Wednesday, May 15, 2019

Further Adventures in Cold Soaking

My last attempts cold soaking backpacking meals were pretty blah. With another season of overnighters approaching, I decided a fresh set of experiments were in order. After multiple tries in the kitchen, I've come up with recipe for cold soaking I'm far happier with.

Step 1: select the right pre-cooked, dehydrated base. Jasmine Minute Rice and Idahoan Mashed Potatoes work great. Many foods do not. Instant polenta for example, takes a couple of minutes to rehydrate in hot water and doesn't do anything when cold soaked. Instant Rice and Quinoa was a bust because while the rice is cooked, the quinoa wasn't, and so therefore it won't ever properly rehydrate. Even the the Gefen Instant Mashed Potatoes that are similar to the Idahoan mashed potatoes didn't rehydrate as well as the Idahoans.

I've also been skipping oatmeal as a base, but that's because it doesn't need the to be carefully rehydrated. Mixing oatmeal, some extras like powdered milk, breakfast mix, hot chocolate or protein powder and water, followed by some vigorous shaking is all it takes turn oats into a meal. I suppose you can soak oatmeal overnight, but I'm too impatient.

Step 2: add the right amount of water. Many cold soaking recipes call for adding just enough water to cover the food. I've found it far better to add the exact amount of water called for on the package. Both Minute Rice and Idahoan Potatoes call for a 1 to 1 ratio of food to water. As a general rule, you should add enough water that you say: oh crap, this is never going to work! Yeah, you want that much water.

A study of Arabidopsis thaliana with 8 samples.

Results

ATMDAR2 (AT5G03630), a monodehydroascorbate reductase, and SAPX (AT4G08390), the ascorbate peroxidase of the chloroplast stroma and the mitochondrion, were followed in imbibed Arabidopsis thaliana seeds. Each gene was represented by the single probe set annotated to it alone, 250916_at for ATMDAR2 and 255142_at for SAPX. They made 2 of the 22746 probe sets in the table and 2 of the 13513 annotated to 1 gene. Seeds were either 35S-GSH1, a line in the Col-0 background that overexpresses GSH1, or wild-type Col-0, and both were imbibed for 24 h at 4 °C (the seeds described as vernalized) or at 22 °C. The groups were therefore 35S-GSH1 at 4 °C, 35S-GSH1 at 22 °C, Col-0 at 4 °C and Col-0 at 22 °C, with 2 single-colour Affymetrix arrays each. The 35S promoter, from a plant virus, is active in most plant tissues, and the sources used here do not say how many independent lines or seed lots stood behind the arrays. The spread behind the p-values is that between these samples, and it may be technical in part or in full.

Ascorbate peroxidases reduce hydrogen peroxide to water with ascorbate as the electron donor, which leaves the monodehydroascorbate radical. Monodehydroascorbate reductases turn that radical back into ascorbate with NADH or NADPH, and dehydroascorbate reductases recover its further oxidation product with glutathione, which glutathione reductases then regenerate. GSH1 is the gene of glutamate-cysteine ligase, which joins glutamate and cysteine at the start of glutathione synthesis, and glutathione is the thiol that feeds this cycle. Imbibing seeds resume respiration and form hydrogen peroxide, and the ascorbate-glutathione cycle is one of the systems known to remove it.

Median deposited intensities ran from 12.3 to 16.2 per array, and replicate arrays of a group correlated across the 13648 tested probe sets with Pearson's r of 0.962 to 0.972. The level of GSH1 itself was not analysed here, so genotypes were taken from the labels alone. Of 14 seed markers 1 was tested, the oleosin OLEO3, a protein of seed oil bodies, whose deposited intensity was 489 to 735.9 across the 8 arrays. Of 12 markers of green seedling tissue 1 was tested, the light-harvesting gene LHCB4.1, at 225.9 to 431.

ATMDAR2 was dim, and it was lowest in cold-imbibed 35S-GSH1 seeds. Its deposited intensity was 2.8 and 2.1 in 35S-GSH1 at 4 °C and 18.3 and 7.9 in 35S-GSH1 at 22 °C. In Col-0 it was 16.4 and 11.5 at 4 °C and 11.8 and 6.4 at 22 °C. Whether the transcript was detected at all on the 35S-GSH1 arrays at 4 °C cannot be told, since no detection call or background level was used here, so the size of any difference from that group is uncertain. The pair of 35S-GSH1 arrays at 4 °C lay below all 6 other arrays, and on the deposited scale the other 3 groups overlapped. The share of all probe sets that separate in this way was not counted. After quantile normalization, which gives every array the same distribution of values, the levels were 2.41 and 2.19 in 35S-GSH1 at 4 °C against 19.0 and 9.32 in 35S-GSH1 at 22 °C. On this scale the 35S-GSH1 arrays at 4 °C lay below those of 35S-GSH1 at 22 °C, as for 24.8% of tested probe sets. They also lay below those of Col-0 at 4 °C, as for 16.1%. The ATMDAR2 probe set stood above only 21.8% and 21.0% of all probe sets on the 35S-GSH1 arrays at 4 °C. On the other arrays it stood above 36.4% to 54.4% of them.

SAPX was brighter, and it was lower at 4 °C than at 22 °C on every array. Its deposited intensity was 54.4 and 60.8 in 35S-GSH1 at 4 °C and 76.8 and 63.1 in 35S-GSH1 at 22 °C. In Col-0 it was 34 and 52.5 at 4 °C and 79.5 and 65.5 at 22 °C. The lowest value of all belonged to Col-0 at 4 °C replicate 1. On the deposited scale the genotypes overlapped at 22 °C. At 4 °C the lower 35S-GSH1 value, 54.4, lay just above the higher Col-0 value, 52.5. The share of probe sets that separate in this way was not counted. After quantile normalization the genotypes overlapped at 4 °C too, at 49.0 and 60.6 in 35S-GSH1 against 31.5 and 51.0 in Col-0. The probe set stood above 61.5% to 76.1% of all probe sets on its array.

Step 3: wait. For mashed potatoes, I found that stirring and waiting for 5 minutes was all it took. For minute rice, I found 45 minutes to be the magic number. Sure, you can eat cold soaked instant rice after 20 minutes, or 2 hours -- but it's not going to taste quite right. The former will be a bit crunchy, the latter will be mushy. But after 45 minutes, the rice tastes like, well, rice.

Step 4: add toppings. Once the food is hydrated, I go crazy with the toppings. Pretty much anything can work as a topping, here's a bunch I've had success with:

  • Raisins
  • Sunflower seeds
  • Gravy Mix
  • Taco seasoning
  • Almonds
  • Tuna fish
  • Olives
  • Olive Oil
  • Bac'n pieces
  • Dried shredded coconut
  • Peanut Butter

None of the above is rocket science. But I've found that with a little care, cold soaking doesn't have to be the compromise in flavor and texture that I'd experienced in the past. Pick the right ingredients, take your time and the result is a tasty meal!